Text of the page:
Assessment of Coagulation and Potential Biochemical Markers for Hypercoagulability in Canine Hyperadrenocorticism
Article first published online: 19 AUG 2013
Copyright © 2013 by the American College of Veterinary Internal Medicine
Journal of Veterinary Internal Medicine
Volume 27, Issue 5, pages 1113–1120, September/October 2013
How to Cite
Pace, S.L., Creevy, K.E., Krimer, P.M. and Brainard, B.M. (2013), Assessment of Coagulation and Potential Biochemical Markers for Hypercoagulability in Canine Hyperadrenocorticism. Journal of Veterinary Internal Medicine, 27: 1113–1120. doi: 10.1111/jvim.12159
- Issue published online: 13 SEP 2013
- Article first published online: 19 AUG 2013
- Manuscript Accepted: 11 JUL 2013
- Manuscript Revised: 10 MAY 2013
- Manuscript Received: 5 JUL 2012
- University of Georgia
- College of Veterinary Medicine Clinical Research Committee Fund
- Cushing's disease;
- TEG ;
Anecdotal accounts and limited research suggest that dogs with spontaneous hyperadrenocorticism (HAC) are at risk of developing thromboembolic complications. Detailed description of coagulation status and identification of subsets of dogs at greatest risk would impact therapeutic recommendations for these patients.
Hypothesis: A subset of dogs with HAC will have a hypercoagulable tendency as identified by increased procoagulant activity, decreased fibrinolysis, or both. Objective 1: To document the existence of this hypercoagulable tendency in HAC dogs using assays of individual coagulation factors, fibrinolytic activity, and systemic coagulation. Objective 2: To evaluate clinical and biochemical markers in HAC dogs to identify a subset of HAC patients at increased risk of this hypercoagulable tendency.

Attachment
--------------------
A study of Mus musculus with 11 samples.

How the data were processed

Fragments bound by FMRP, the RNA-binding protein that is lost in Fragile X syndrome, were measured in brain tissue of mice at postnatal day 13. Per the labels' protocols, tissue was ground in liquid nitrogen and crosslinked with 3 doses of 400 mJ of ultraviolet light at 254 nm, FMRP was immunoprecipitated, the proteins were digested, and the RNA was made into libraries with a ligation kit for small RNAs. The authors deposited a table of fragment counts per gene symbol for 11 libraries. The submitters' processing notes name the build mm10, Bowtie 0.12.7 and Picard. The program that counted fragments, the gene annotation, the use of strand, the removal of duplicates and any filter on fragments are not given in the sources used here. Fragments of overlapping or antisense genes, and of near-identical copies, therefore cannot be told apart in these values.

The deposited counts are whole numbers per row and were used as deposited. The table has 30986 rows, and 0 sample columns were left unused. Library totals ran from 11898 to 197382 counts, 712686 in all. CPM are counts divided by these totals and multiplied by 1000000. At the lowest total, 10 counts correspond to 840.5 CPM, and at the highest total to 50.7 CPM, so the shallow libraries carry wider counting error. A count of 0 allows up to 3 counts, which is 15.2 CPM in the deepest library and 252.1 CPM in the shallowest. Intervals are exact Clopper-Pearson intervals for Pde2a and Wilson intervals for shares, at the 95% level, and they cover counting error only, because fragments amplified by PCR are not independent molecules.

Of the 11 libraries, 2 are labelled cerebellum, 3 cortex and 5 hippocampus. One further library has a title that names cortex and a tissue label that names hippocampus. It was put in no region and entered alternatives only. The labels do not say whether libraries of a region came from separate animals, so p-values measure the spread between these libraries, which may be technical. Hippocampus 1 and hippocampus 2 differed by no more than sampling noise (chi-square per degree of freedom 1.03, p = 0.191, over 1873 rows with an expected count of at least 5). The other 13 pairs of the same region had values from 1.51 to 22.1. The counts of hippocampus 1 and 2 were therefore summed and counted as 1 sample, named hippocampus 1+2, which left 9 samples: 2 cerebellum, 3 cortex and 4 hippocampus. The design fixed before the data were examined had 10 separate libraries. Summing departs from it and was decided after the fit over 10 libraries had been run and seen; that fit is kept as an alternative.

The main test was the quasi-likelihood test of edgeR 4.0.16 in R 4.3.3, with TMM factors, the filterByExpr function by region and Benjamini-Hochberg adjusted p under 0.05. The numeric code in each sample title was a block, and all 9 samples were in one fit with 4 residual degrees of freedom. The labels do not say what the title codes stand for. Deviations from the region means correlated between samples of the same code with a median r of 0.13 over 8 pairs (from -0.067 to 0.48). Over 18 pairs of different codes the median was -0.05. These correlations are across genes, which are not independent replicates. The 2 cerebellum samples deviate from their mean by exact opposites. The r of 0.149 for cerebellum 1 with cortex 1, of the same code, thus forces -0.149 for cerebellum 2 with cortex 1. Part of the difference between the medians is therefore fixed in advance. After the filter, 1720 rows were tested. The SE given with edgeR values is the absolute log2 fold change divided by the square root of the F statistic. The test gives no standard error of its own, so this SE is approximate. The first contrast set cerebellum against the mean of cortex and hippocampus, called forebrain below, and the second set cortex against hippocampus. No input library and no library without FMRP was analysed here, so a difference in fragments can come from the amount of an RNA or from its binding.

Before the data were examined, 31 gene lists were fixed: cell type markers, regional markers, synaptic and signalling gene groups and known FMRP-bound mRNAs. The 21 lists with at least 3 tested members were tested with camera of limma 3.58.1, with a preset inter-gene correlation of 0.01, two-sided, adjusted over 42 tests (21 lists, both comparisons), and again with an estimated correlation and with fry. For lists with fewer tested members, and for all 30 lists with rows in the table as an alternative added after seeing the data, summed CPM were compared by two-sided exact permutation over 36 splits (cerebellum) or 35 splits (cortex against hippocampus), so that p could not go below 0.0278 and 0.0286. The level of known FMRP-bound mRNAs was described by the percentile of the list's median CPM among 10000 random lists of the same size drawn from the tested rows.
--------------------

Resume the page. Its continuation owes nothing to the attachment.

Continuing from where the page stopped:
Seventeen dogs newly diagnosed with HAC.
Prospective study. Medical history, physical examination findings, routine diagnostic tests, and comprehensive coagulation testing were performed at the time of HAC diagnosis. Coagulation parameters were assessed individually and as panels for each dog. Historical and clinical variables were correlated with coagulation parameters to identify risk factors.
The majority (88.2%) of HAC dogs exhibited a hypercoagulable tendency. Abnormalities in 1 coagulation assay did not predict abnormalities in others. Duration of clinical signs of HAC did not predict hypercoagulability. Comorbid conditions or abnormal clinicopathologic parameters that predicted hypercoagulability were not identified.
Conclusions and Clinical Importance
Although HAC dogs may demonstrate a hypercoagulable tendency individually and as a group, comorbid conditions or biochemical variables that would predict more severe coagulation abnormalities were not identified.